CONYERS – On Monday, Nov. 11, America honored its veterans on the 100th anniversary of Veterans Day, which began in 1919 as Armistice Day to mark the signing in France of the armistice between Allied forces and Germany on Nov. 11, 1918, signifying the end of World War I. France still celebrates Armistice Day.
On Tuesday, Nov. 12, Wade Hayes, a World War II veteran who now lives in Conyers, was personally honored by France, which presented him with the Legion of Honor, France’s highest merit, during a ceremony at the Remington House.
The Legion of Honor is bestowed upon French citizens as well as foreign nationals who have served France or the ideals it upholds, including individuals who have contributed to the country professionally, as well as veterans such as the Americans who risked their lives during World War II fighting on French soil.
Hayes, 97, was born in North Carolina but grew up in South Carolina. He joined the U.S. Army on April 9, 1943, and took part in the D-Day invasion of Normandy, France, on June 6, 1944. As a rifleman — platoon sergeant of the Fifth Army Company B 2nd Infantry — Hayes participated in the Normandy, Northern France and Ardennes-Rhineland-Central Europe military campaigns. Most notably, he participated in D-Day and the Battle of the Bulge. Hayes was wounded two times, in France and in Germany.
Hayes received the European-African-Middle Eastern Theater Campaign Medal with one silver star, the Purple Heart with one bronze oak leaf cluster, the Bronze Star and the Victory medal, among others.
After the war, Hayes worked for NASA in Florida and raised a family. His son and daughter, along with two grandchildren, were present Tuesday when he received the Legion of Honor from Vincent Hommeril, the consulate general of France in Atlanta.
“This year is special in that it marks the 75th anniversary of the landings at the beaches of Normandy on D-Day in June 1944, when over 155,000 American, British and Canadian forces landed at five sites along the heavily fortified coast,” said Hommeril in his presentation to Hayes. “Today, remember that the French-American friendship is bound in blood and that our two countries owe each other their very existence as free nations. We remember that from the U.S. revolutionary war to the battlefields of World War I and the beaches of Normandy, the United States and France have always stood shoulder to shoulder to defend the values of freedom and democracy. The United States and France remain close allies in addressing international threats and challenges to this day.
“Mr. Hayes, you embody the shared French-American history. You illustrated with your courage the friendship and shared values that so profoundly bound our two nations together here to honor you. In recognition of your heroic actions and extraordinary accomplishments, the president of the French Republic, Emmanuel Macron, designated you to the Legion of Honor with the rank of Knight, France’s highest honor.”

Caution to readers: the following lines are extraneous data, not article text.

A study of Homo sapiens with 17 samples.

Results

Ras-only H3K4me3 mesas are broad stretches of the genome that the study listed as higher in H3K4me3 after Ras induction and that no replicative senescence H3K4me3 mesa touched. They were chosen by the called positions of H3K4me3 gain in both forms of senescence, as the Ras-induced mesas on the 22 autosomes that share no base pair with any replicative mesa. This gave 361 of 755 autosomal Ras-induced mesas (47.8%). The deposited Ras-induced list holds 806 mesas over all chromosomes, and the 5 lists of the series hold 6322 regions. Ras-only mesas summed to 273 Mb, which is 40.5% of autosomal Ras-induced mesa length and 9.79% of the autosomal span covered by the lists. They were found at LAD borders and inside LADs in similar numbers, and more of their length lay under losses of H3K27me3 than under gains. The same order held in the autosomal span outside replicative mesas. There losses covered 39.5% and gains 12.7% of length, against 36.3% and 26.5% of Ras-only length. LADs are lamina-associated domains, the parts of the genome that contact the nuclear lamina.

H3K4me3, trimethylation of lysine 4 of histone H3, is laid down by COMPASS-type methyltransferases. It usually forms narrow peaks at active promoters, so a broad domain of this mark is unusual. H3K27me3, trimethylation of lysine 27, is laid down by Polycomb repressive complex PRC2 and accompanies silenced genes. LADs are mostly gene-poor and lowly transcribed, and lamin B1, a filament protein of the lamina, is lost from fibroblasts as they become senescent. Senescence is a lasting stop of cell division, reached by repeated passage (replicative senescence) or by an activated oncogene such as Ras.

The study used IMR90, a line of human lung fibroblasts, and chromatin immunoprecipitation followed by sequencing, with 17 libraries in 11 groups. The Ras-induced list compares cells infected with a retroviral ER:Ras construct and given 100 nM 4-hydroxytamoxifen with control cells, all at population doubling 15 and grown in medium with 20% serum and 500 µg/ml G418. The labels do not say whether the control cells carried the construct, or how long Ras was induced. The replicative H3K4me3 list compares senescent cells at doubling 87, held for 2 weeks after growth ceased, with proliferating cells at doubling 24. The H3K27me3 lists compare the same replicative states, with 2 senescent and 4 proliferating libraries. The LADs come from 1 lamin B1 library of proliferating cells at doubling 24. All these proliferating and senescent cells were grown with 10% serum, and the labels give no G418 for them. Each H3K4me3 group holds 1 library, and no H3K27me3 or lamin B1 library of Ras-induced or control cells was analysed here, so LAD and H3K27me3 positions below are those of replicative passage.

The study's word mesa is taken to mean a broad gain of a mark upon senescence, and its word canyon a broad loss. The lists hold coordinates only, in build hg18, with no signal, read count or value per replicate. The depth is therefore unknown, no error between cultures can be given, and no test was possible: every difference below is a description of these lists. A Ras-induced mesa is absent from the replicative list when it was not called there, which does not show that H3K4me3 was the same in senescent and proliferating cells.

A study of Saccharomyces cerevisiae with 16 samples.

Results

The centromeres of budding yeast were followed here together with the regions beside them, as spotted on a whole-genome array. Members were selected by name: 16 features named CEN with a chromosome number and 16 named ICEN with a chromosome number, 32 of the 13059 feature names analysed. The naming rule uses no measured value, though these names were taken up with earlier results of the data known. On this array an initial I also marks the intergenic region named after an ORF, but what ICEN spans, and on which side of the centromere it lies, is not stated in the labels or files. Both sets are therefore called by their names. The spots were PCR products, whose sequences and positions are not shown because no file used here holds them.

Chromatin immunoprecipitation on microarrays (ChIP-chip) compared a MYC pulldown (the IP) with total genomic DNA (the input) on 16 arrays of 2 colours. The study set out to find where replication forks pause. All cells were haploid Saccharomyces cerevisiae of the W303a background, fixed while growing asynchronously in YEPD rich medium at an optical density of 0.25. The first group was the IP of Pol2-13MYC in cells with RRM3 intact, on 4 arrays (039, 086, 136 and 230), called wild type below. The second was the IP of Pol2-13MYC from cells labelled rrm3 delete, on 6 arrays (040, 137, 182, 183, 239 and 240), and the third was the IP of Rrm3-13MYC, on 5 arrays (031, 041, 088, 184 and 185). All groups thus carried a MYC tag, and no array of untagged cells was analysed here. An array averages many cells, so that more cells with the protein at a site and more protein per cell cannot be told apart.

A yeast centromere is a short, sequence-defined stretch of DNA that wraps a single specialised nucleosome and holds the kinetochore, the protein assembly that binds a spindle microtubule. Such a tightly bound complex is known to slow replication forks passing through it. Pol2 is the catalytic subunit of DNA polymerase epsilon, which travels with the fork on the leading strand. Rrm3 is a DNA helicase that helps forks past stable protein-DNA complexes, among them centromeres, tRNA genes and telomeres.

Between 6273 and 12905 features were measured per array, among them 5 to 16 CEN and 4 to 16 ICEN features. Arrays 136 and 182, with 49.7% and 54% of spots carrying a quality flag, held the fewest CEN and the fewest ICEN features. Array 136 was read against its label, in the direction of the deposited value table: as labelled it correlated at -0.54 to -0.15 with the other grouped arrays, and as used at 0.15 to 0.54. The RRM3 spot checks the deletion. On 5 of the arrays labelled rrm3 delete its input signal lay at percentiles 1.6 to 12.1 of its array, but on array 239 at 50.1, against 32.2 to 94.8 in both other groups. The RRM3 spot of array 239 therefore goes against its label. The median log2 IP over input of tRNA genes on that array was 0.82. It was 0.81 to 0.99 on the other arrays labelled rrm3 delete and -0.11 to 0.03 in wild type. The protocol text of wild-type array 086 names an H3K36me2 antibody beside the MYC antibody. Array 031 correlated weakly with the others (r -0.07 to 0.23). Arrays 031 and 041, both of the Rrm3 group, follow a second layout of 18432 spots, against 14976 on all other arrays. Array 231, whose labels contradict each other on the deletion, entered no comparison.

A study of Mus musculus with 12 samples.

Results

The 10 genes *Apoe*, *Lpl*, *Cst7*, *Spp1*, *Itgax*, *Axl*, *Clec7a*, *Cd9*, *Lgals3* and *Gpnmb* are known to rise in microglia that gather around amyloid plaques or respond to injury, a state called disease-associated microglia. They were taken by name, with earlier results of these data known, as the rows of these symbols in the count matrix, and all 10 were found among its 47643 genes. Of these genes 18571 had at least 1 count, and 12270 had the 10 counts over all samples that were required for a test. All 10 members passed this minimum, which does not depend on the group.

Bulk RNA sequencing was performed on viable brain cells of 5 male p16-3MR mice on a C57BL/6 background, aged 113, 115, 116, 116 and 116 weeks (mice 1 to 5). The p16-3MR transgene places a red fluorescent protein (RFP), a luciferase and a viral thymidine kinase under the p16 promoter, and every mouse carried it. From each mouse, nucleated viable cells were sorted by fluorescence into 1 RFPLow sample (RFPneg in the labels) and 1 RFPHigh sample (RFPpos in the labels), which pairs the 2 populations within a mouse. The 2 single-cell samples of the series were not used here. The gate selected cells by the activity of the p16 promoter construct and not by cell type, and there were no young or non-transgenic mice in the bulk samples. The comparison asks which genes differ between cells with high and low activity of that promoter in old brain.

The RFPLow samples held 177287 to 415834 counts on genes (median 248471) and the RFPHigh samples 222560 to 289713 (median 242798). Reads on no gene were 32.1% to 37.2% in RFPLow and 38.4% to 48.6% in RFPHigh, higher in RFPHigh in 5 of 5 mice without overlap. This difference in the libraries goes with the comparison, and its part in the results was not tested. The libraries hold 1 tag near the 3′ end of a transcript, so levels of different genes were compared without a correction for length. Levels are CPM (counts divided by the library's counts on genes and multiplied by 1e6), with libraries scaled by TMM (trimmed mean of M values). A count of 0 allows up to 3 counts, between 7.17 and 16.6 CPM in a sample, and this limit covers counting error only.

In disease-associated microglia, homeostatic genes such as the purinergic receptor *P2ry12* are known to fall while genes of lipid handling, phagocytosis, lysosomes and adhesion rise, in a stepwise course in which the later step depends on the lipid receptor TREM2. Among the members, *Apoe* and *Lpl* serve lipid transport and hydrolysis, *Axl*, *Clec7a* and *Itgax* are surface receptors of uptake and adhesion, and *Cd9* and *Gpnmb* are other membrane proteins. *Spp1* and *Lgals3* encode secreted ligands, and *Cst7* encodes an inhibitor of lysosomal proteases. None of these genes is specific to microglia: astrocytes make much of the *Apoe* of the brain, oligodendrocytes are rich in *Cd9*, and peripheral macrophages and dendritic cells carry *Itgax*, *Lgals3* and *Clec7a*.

Hommeril then pinned the Legion of Honor medal on Hayes.
“Mr. Hayes, you are a true hero,” said Hommeril. “You will be our hero forever. We, the French, will never forget what you helped do to restore our freedom. And today, we also remember the ultimate sacrifice of so many of your comrades who rest on French soil. They will remain forever in our hearts.
“Your example gives us inspiration for the future, and your legacy provides a moral compass for generations to come.”
Shy Armstrong, a representative of Georgia 4th District Congressman Hank Johnson, presented Hayes with a proclamation naming Nov. 12, 2019 as Wade E. Hayes Veteran of Distinction Day.
Hayes’ son, Sonny Hayes of Covington, also displayed a proclamation given to his father in 1944 when his Army unit liberated the town of Verdun in northern France.
“It has an English version on one side and the French version on the other,” said Sonny Hayes. “It has the mayor’s signature, and city council signature, and my dad’s signature. My dad was a master sergeant and probably not supposed to be in charge because there were officers of higher rank above him. Unfortunately, they had all been killed.”
Hayes’ daughter, Dr. Cyndy Hayes of New Jersey, couldn’t hold back tears during the ceremony or while talking about her father afterwards.
“We’re really proud of him,” she said. “He’s such a great dad. He’s our hero, and we love him.”
The French Consulate also brought wine from Bordeaux, France, for toasts.
Hayes said receiving the Legion of Honor means a lot to him.
“It means that France cares as much as anybody in the world,” he said. “They said it was coming, and it got here. I just want to say to the French government: Thank you. I’m just happy that I lived long enough to receive it.
“The first action that I saw was in Bordeaux,” Hayes said during the toast. “And the French people all during the battle and afterwards… that was the first wine that I got in France, in Bordeaux. I’ll never forget that.”
Asked to describe what it was like in France during World War II, Hayes recalled his first action.
“St. Lo was the first big battle that we were in, and from then on it was across France and up into Germany and some of the other countries. I just thank the Lord and the country that did this, thank you very much.”